U.S. Dept. of Energy Invests in Offshore Wind Research
On Monday, the U.S. Department of Energy announced an $18.5 million investment in an R&D consortium that will investigate technical issues related to the installation of wind turbines on the U.S. continental shelf. Industry members of the research group will contribute funding and will benefit from the study’s technological developments. In addition, $2 million will be allocated to DOE’s national laboratories to support the consortium’s activities.
In particular, the winning consortium could look at the challenges posed by site conditions at U.S. offshore locations. Unlike the proliferating European wind farms in the North Sea, many American offshore installations will have to contend with water that is too deep for fixed platforms (water in excess of 200 feet of depth). DOE says that this means that floating platforms will be required for most potential sites – a technology that is still in the early stages of commercialization.
“As the former Governor of one of the largest wind producing states [Texas], I know the value of wind power in our energy portfolio,” said Secretary of Energy Rick Perry in a statement. “This work will further DOE’s goal to accelerate the development of offshore wind technologies by supporting fundamental research to reduce the costs of offshore wind energy.”
DOE's Wind Energy Technologies Office has funded $200 million in offshore wind research since 2011, including recent projects like the Pacific Northwest National Laboratory's ThermalTracker software, a program that speeds up time-consuming wildlife surveys for offshore wind farm site permitting. But WETO may have fewer resources to deploy in future years: The Senate version of the 2018 appropriations bill would maintain program funding for DOE's Energy Efficiency and Renewable Energy department near last year's levels, but the House version includes a 50 percent cut. Through the White House's Office of Management and Budget, DOE had proposed a larger 70 percent cut in the program's funding.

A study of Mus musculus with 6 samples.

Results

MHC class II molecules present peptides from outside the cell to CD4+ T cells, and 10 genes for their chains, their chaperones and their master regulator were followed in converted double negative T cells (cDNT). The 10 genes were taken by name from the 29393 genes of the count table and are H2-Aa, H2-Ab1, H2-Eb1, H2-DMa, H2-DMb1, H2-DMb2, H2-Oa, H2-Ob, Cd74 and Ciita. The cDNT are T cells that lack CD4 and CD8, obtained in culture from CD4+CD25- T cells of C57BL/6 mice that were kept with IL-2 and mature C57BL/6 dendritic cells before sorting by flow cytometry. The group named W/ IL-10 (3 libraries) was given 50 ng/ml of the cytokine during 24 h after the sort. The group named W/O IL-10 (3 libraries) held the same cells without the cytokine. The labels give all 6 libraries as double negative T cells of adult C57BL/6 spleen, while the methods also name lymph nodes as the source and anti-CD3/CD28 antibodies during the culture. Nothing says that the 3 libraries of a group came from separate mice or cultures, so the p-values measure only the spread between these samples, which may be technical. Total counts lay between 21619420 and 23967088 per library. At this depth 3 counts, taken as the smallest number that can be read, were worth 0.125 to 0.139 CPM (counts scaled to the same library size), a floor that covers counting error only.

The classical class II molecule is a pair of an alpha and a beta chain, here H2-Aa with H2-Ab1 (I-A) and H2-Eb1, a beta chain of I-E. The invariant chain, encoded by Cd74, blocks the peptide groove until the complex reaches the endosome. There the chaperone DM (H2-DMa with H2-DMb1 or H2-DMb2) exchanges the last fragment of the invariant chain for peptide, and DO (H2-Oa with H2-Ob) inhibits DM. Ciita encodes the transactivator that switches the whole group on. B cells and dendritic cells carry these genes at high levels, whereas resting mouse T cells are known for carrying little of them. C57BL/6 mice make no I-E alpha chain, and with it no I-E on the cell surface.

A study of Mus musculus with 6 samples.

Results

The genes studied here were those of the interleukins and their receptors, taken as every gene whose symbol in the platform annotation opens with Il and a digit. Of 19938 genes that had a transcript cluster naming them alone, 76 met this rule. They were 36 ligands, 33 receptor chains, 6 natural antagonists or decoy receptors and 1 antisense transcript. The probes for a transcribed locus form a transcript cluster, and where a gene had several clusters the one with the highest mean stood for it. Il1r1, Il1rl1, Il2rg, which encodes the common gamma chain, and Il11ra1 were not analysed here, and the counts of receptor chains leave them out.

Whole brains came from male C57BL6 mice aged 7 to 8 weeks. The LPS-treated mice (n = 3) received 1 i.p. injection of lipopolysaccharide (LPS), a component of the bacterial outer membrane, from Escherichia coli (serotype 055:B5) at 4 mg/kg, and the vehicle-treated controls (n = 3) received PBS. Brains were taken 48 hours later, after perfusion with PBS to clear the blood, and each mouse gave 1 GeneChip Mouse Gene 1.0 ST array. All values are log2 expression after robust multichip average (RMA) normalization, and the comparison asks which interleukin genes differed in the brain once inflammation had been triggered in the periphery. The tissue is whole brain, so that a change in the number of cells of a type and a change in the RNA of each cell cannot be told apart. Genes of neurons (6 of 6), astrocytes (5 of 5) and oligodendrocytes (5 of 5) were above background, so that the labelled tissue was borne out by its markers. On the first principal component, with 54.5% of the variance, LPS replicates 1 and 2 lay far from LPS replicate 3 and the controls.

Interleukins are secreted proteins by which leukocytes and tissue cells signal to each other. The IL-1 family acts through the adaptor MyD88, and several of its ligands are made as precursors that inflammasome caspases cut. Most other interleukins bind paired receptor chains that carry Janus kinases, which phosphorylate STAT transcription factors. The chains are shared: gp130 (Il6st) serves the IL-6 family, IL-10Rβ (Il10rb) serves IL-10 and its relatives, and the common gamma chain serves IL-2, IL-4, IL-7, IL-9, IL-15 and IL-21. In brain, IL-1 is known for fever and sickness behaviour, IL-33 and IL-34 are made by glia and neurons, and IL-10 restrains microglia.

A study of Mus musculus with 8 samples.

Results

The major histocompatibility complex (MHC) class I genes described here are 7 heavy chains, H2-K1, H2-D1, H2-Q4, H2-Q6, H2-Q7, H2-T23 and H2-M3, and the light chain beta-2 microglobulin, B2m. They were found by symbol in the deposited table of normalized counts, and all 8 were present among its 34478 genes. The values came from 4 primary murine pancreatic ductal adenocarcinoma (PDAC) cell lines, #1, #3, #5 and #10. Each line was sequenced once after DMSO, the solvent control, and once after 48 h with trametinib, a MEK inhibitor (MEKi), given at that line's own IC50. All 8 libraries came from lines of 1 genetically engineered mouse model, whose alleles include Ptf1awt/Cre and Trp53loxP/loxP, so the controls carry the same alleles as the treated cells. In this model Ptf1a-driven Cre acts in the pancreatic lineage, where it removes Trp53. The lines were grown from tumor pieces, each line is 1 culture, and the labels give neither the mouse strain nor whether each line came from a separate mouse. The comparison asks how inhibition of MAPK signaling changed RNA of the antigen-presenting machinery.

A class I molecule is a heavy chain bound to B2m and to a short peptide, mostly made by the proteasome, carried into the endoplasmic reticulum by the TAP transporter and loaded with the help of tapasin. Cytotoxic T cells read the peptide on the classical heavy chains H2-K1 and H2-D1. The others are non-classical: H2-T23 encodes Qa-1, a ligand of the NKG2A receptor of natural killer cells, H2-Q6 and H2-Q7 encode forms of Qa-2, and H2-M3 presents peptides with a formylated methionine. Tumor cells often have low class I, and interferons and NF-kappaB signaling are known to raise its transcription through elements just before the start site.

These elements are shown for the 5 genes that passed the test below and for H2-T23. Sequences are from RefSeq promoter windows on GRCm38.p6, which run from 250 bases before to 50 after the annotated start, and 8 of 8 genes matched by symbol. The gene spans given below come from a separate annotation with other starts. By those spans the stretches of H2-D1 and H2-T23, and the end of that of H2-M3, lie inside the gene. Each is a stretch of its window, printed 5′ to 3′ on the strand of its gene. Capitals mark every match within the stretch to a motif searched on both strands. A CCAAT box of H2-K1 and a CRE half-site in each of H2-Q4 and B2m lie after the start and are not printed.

The Trump administration has focused its energy policy on coal, oil and gas, and EPA administrator Scott Pruitt said in October that he would "do away with [tax credits] that we give to wind and solar." The president has previously characterized wind farms as "disgusting looking" and an "environmental & aesthetic disaster," and recently proclaimed an end to the "war on beautiful, clean coal."
However, under Secretary Perry, the Energy Department says that the wind industry is a key part of its strategy to "cut carbon pollution . . . and bring the next generation of American-made clean energy technologies to market" – an apparent contradiction of the administration's priorities.